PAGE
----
So far, so good. Some critics, however, went further, questioning Sontag's own treatment of her own sexuality. "In a 2000 New Yorker profile, Sontag outed herself as bisexual, familiar code for 'gay,'" asserts Moore (January 4, 2005). Sometimes, the declaration of bisexuality is indeed a cover for homosexuality, as the former -- especially for women -- is often seen as less threatening than the latter. Nothing hurts the straight male ego more than the idea that some women are simply not sexually interested in them -- at all! In the case of Sontag, though, she said that she had been in love nine times: "Five women, four men" (qtd. in "Finding Fact from Fiction," The Guardian, May 27, 2000). Since there is no good reason to doubt her honesty (certainly Moore offers none), it seems uncalled for to suggest that she was claiming to be bisexual for the sake of expediency when she really was lesbian.
Then, Chris Crain, executive editor of the Washington Blade, charges Sontag with "silence on gay rights" ("Don’t Settle like Sontag," Washington Blade, January 07, 2005). One may disagree with her on many things -- for instance, I was disappointed with her support for Washington's intervention in Yugoslavia -- but it is simply wrong to say that she had nothing to say about gay rights. Au contraire, she made many intellectual contributions to the politics of sexuality on the left, in a way that is particularly useful for queer activists, though I don't think that she ever personalized them -- e.g., "Speaking as a lesbian, I support etc., etc.," -- as Crain assumes she should have.
To take one example, the longest section in Sontag's essay "What's Happening in America" (1966) is devoted to discussion of youth culture. It's a reply to Leslie Fiedler's essay on the same topic "The New Mutants" (1965), in which he anxiously analyzes the "post-humanist era" of a "radical metamorphosis of the Western male," a "revolt against masculinity," and "a rejection of conventional male potency." In contrast to Fiedler and others who thought like him, lamenting the changes in gender and sexuality that fascinated them at the same time, she boldly argued:
The depolarizing of the sexes . . . is the natural, and desirable, next stage of the sexual revolution (its dissolution, perhaps) which has moved beyond the idea of sex as a damaged but discrete zone of human activity, beyond the discovery that "society" represses the free expression of sexuality (by fomenting guilt), to the discovery that the way we live and the ordinarily available options of character repress almost entirely the deep experience of pleasure, and the possibility of self-knowledge. "Sexual freedom" is a shallow, outmoded slogan. What, who is being liberated? (Styles of Radical Will, NY: Farrar, Straus and Giroux, 1966, p. 200)The question she raised is still relevant, as gay and lesbian activists of middle strata put the right to marriage and military service at the top of the political agenda, the priority questioned by radical working-class queer activists.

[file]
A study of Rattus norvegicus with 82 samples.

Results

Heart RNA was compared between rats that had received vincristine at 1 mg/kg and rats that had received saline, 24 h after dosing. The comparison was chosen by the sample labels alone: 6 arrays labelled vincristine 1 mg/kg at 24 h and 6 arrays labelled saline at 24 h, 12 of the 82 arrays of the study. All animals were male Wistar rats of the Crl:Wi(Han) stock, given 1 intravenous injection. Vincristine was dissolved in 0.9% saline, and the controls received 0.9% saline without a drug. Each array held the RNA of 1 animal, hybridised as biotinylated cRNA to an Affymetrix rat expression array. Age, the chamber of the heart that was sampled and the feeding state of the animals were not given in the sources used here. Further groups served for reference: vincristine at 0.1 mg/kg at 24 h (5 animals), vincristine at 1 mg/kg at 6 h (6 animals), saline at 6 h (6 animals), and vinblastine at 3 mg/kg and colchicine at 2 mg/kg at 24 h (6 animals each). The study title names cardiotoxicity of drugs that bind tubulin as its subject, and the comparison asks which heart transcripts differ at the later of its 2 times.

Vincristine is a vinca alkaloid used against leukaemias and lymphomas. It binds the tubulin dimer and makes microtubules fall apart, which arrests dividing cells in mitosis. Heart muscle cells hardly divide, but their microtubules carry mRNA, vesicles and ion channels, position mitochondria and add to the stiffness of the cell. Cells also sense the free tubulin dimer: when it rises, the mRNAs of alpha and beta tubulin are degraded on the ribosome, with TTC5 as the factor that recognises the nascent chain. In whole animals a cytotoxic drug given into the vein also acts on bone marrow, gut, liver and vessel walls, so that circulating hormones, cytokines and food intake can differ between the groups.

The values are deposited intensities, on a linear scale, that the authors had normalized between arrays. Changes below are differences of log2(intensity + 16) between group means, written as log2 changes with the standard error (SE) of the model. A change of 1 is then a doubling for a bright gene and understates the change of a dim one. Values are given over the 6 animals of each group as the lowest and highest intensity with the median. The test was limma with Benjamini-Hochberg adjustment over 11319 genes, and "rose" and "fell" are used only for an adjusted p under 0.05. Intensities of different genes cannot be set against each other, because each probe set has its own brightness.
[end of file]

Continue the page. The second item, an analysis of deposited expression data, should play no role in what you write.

Sontag's dissection of illness as metaphor (Illness as Metaphor, NY: Vintage, 1977) -- some diseases get romanticized, some are regarded as punishments for bad personalities of patients or their mothers, others become metaphors of absolute evil, modern political discourses across the ideological spectrum tend to designate their targets as cancer and incite violence against them, and such metaphoric uses of illness make it difficult to treat illnesses as they are -- was a great intellectual weapon for queer activists even before she authored her own book on AIDS and its metaphors. She was also one of the first major writers who addressed the AIDS crisis in a story published in a mainstream magazine: "The Way We Live Now" (The New Yorker, November 24, 1986).
Less obviously political but no less important, the style of art, literature, and philosophy that Susan Sontag championed was the sort that resists reduction of a text to the personal biography of its author (which is rooted in the same drive to discover the "truth" of a person in the "nature" of the person's sexuality, which must, in turn, be classified into one of the three limited categories invented by bourgeois culture), and in that resistance also lay a mode of queer modernist politics, whether or not she intended it.
Some readers may still wish that Sontag had made the personal political and vice versa in a familiar rhetoric of identity politics, but that was not her style. Gary Indiana, himself one of the finer queer cultural critics, wrote:
She once told Dick Cavett, after the first of her struggles with cancer, that she didn't find her own illness interesting. She stipulated that it was moving to her, but not interesting. To be interesting, experience has to yield a harvest of ideas, which her illness certainly did -- but she communicated them in a form useful to others in ways a conventional memoir couldn't be. (To be useful, one has to reach others on the level of thought, not only feeling —- though the two are inseparable.) ("Susan Sontag [1933-2004]: Remembering the Voice of Moral Responsibility -- and Unembarrassed Hedonism," The Village Voice, January 4, 2005)Her sort of critical detachment and abstraction isn't the only way to approach the relation between thought and experience, universality and particularity -- for instance, one of the writers Sontag admired the most, Jean Genet, arguably created a new universal through insistence upon his particular experience -- but it's certainly a valid way of living and writing, not at all the same as putting one's life into the closet out of shame. Her reserve may seem old-fashioned to some, but, in an age when reality TV programs and tell-all autobiographies are all the rage, it is refreshing -- and even queer and subversive.